The Pac-12 has multiple contingency plans in place to start a football season.
League presidents and chancellors will meet again Thursday, and are expected to provide more clarity on potential start dates, with Oct. 31 and Nov. 7 getting the most traction at the moment.
Regardless of which start date and accompanying training camp calendar gets green-lit, there are going to be significant questions and hurdles facing the league.
The biggest question ahead of that key Thursday meeting is a matter of equity. The four California schools and two Oregon schools have been under strict state and local health ordinances. State-level politics have been dealt with, but local governments still need to sign off before these schools can allow teams to practice, let alone play.
The Pac-12 medical advisory board is recommending a two-week ramp-up period, followed by four weeks of full-contact practice before a game is played. The restrictions have meant that football players in California and Oregon have had little time to workout and practice.
Conversely, a program like Utah began bringing student-athletes back to campus for voluntary workouts in mid-June. Kyle Whittingham’s group was working toward an on-time Sept. 3 start before the Pac-12 hit pause. The Utes have since begun working out under the NCAA’s 12-hour limit, which applies to teams and conferences affected by the pandemic.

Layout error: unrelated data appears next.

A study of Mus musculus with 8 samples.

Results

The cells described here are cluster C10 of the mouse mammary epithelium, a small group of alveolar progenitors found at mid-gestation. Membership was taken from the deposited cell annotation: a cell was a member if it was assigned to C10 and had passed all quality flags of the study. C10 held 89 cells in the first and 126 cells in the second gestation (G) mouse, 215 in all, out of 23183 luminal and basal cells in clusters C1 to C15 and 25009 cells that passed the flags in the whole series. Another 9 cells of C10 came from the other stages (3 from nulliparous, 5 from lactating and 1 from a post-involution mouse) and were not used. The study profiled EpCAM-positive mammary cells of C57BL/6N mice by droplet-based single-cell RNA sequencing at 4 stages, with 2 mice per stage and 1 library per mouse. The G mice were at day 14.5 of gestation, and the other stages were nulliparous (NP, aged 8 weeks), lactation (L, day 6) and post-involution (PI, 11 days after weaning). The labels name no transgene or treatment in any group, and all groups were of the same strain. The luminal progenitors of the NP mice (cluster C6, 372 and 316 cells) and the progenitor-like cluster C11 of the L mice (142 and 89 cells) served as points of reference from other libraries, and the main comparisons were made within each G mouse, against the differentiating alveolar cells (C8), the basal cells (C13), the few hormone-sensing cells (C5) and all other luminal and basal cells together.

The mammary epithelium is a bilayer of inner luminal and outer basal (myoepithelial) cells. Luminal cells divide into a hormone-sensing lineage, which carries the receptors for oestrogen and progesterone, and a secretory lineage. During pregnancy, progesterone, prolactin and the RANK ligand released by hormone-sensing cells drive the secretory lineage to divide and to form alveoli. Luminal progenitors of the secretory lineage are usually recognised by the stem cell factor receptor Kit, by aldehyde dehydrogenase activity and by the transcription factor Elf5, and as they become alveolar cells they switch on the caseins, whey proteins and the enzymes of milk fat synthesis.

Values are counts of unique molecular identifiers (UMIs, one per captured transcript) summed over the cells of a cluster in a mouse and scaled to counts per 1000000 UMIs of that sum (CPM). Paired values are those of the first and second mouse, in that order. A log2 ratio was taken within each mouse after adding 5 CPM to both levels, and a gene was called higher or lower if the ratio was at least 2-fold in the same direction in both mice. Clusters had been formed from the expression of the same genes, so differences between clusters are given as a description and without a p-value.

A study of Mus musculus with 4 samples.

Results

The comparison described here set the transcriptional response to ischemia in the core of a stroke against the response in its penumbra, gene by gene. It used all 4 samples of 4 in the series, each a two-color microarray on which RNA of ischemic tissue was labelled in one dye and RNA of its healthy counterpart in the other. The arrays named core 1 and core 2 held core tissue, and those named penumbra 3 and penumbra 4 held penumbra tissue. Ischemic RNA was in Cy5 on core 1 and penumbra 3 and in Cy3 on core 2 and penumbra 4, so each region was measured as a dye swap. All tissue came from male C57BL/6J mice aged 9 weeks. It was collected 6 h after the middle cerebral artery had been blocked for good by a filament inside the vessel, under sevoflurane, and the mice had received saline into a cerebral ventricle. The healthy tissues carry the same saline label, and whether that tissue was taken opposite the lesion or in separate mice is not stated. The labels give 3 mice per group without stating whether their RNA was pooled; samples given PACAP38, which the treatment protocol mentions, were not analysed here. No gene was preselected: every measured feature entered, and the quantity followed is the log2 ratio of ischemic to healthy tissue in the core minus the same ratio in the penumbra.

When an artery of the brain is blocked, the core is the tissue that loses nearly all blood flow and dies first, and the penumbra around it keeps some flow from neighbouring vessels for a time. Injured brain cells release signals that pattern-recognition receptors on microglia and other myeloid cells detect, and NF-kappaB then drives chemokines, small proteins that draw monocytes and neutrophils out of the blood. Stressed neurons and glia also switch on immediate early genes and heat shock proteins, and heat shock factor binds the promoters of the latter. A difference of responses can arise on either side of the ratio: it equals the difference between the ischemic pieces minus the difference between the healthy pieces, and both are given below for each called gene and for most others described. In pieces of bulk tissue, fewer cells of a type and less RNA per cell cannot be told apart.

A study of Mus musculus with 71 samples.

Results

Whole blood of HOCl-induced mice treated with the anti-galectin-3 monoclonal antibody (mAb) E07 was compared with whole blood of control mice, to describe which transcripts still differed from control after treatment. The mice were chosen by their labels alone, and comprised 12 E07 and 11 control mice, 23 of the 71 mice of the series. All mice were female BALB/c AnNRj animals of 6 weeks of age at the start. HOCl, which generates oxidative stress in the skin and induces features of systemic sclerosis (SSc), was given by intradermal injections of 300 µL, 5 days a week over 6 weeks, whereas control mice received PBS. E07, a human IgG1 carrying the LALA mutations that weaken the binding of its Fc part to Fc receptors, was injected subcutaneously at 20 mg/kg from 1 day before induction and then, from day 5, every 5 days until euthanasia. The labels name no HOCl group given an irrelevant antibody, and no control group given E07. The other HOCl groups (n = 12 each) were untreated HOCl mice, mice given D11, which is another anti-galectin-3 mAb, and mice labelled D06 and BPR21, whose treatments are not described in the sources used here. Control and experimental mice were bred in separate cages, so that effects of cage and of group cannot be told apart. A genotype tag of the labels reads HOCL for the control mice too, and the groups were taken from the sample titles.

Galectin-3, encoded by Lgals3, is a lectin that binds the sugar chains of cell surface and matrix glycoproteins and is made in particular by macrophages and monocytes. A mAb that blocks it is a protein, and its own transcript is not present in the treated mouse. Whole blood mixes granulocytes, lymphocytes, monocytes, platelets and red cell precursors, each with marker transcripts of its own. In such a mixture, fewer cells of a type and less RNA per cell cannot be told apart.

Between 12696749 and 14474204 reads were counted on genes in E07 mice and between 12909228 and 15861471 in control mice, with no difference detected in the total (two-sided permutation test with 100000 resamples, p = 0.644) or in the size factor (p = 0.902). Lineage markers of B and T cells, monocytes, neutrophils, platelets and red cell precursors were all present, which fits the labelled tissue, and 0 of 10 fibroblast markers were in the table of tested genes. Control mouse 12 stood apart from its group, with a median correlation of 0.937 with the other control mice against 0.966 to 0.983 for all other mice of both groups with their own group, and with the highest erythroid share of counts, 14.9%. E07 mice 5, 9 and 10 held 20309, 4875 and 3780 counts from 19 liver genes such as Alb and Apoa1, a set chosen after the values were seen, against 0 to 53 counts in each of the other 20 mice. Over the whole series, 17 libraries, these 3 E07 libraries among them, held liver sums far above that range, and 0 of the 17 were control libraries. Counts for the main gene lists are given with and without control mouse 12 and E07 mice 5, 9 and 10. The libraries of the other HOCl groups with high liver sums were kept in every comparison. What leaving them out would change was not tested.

All of that leads to the notion that Utah is in a far better position to start a season compared to the California and Oregon schools.
The Pac-12 has moved through the pandemic as a unit, with no public signs of dissensions similar to what plagued the Big Ten before it decided to restart football. However, that united front may be put to the test in the coming days and weeks if half the league, including Utah, feels ready to start on Halloween, if not earlier, and the other half is not.
Working backward from the Pac-12 championship game on Dec. 18 or 19, a Halloween start would allow for as many as seven regular-season games depending on whether or not open weeks are built into the schedule. A Nov. 7 would allow for six regular-season games.
All of this is taking place in the shadow of rapid-response testing coming to Pac-12 athletic departments at the end of the month. With the ability to test student-athletes daily, Utah’s huge spike in cases recently is believed to be less of an obstacle.